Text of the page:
They could be talking about me

When I got my first iPod years ago, I discovered the app store.  For the computery, geeky type, this was heaven.  There was an application available for everything.  It was like a breakfast buffet.  I’ll have a little of this, a little of that, and oooh, look at that one.

This fascination kept going when I got my iPad and then my phone.  Now, the option of having “an app for that” extends into Windows 10.

But you know what?

The excitement of searching for and downloading a new app has gone away.  I no longer don’t kick myself for not buying the device with the biggest storage capacity.

In fact, with each update of the operating system, applications become broken and a new version comes out.  Periodically, there’s no replacement so I’d go and look for a new one to replace it..

I even taught myself how to write apps, most notably writing a school directory application for my old employer that displayed their websites, dialed the phone, downloaded the latest news from schools, etc.

In no time, I had my device full and was looking for ways to make extra room so that I could download even more.  I got so excited when I would read “## paid apps that have gone free today”.

Then, one day, the silliness of this kicked in.  After a recent operating system update, there were 21 apps that needed upgrades.  As I scrolled though the list, noting the size and therefore the length of time to download, I realized that there were applications that I hadn’t used in months.  But, I faithfully kept them updated – that’s what good computer users do – you want to make sure that you’re running the latest, greatest, and most importantly, most secure version of the software.

But, quite frankly, I got tired of doing these updates. 

Recently, I’ve been paying attention to those who want to be updated.  I now have a new Doug-rule.  If I don’t use it and don’t plan to use it in the near future, I’ll delete it.  I know that the next to last version of the software is backed up to iTunes on my computer so I can quickly add it back if I change my mind.  Except for web browsers.  I collect web browsers and enjoy seeing how different developers attack roughly the same things.

I’m just happily deleting applications when I’m notified that there are updates.  I’m happily saving a few bits from being transferred for no current apparent reason.

It’s also interesting to note that many of the applications already have a web version of the product.  So, if I really feel a need, I can just load a web browser and access the application there.  The madness has ended!

I thought I was being strategic in my thinking until I stumbled across this article talking about a “post-app world”.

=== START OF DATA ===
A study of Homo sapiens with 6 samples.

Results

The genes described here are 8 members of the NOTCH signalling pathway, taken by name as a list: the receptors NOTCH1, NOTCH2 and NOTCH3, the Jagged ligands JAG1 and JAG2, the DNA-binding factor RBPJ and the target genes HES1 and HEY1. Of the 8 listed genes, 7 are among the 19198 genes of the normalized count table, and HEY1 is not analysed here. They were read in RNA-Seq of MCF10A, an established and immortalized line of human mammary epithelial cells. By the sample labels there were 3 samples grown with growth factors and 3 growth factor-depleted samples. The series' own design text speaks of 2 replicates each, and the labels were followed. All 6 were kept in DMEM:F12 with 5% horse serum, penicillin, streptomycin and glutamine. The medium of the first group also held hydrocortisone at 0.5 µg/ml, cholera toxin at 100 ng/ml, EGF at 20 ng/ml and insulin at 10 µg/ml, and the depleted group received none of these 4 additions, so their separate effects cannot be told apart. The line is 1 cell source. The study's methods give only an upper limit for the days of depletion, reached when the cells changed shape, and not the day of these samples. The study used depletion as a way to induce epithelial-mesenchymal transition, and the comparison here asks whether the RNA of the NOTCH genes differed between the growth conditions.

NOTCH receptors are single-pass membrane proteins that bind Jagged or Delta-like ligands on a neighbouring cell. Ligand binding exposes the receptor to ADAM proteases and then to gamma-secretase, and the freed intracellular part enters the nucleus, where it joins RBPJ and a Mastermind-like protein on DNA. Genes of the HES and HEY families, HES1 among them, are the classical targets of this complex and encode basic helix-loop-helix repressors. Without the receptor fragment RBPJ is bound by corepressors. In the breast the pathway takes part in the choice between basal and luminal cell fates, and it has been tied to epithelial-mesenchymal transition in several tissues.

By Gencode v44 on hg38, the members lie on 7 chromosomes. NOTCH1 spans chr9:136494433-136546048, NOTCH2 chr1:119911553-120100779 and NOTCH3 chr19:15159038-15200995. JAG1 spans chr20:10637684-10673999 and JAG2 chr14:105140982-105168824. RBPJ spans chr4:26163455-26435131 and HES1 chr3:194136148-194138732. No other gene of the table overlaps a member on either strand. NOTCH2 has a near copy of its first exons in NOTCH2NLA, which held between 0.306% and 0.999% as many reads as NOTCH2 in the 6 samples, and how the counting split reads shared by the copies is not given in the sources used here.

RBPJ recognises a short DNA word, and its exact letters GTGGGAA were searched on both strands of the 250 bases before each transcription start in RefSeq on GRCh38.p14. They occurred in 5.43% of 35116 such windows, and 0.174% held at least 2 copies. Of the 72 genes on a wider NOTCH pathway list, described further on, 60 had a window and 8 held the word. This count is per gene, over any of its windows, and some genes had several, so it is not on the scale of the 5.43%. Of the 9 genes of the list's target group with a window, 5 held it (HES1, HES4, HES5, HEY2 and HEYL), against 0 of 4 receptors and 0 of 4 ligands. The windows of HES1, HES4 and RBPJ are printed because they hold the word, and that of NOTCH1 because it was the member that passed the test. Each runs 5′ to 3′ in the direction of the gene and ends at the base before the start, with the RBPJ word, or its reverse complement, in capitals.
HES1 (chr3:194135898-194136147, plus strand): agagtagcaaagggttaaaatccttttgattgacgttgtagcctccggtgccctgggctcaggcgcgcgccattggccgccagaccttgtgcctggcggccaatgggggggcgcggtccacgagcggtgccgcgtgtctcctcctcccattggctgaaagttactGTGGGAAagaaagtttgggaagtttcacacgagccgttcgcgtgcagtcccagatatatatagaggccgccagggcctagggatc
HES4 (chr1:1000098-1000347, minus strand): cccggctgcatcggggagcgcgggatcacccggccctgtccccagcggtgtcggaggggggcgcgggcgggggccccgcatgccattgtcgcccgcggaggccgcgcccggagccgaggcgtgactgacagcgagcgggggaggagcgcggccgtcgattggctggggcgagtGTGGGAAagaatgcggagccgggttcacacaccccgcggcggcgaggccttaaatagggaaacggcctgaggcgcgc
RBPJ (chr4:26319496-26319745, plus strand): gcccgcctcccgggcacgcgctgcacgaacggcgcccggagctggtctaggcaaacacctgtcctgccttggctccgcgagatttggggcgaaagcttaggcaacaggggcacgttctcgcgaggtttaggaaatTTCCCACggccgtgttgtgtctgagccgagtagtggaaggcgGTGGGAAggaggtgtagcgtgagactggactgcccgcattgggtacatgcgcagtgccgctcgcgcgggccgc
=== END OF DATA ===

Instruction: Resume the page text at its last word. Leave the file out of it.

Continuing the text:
Goodbye apps, hello smart agents: Are you ready for the post-app world?

I guess it turns out that my thinking wasn’t on the cutting edge.  As my daughter says, “it’s a thing”.

Who’s with me?

Author: dougpete

The content of this blog is generated by whatever strikes my fancy at any given point. It might be computers, weather, political, or something else in nature. I experiment and comment a lot on things so don't take anything here too seriously; I might change my mind a day later but what you read is my thought and opinion at the time I wrote it! My personal website is at: Follow me on Twitter: I'm bookmarking things at:

7 thoughts on “They could be talking about me”

  1. I’ve done the same thing, Doug. I took your previous advice and completely wiped my iPad 3 (yes there was an iPad 3 for about 6 months). Now I’m only reinstalling apps as I need them. Just an extension of my “simplify” outlook on life. Love to downsize my “stuff”.

  2. Good advice. I think I spend more time updating apps I don’t use on my iPad then I do using the apps I do use. Probably time to clean house. I have a number of apps on my phone that I don’t use and I could get rid of them as well. Might make things run better. And leave more room for pictures of the grandchild.

  3. Alison, I didn’t know that there was an iPad3. That’s my learning for this morning. Got to look that up.

  4. Aviva, thanks for sharing Jared’s post. He’s a pretty sharp integrator and his comments mirror so many that I’ve heard who try to support a personal device in a big shared environment. Your comments are reflective of the other two and I wonder just how many would agree, if the truth be told. I was going to use the term “lowest common denominator” but perhaps a better term is biggest resource – what we’ve used for so long – connection to each other and to the internet.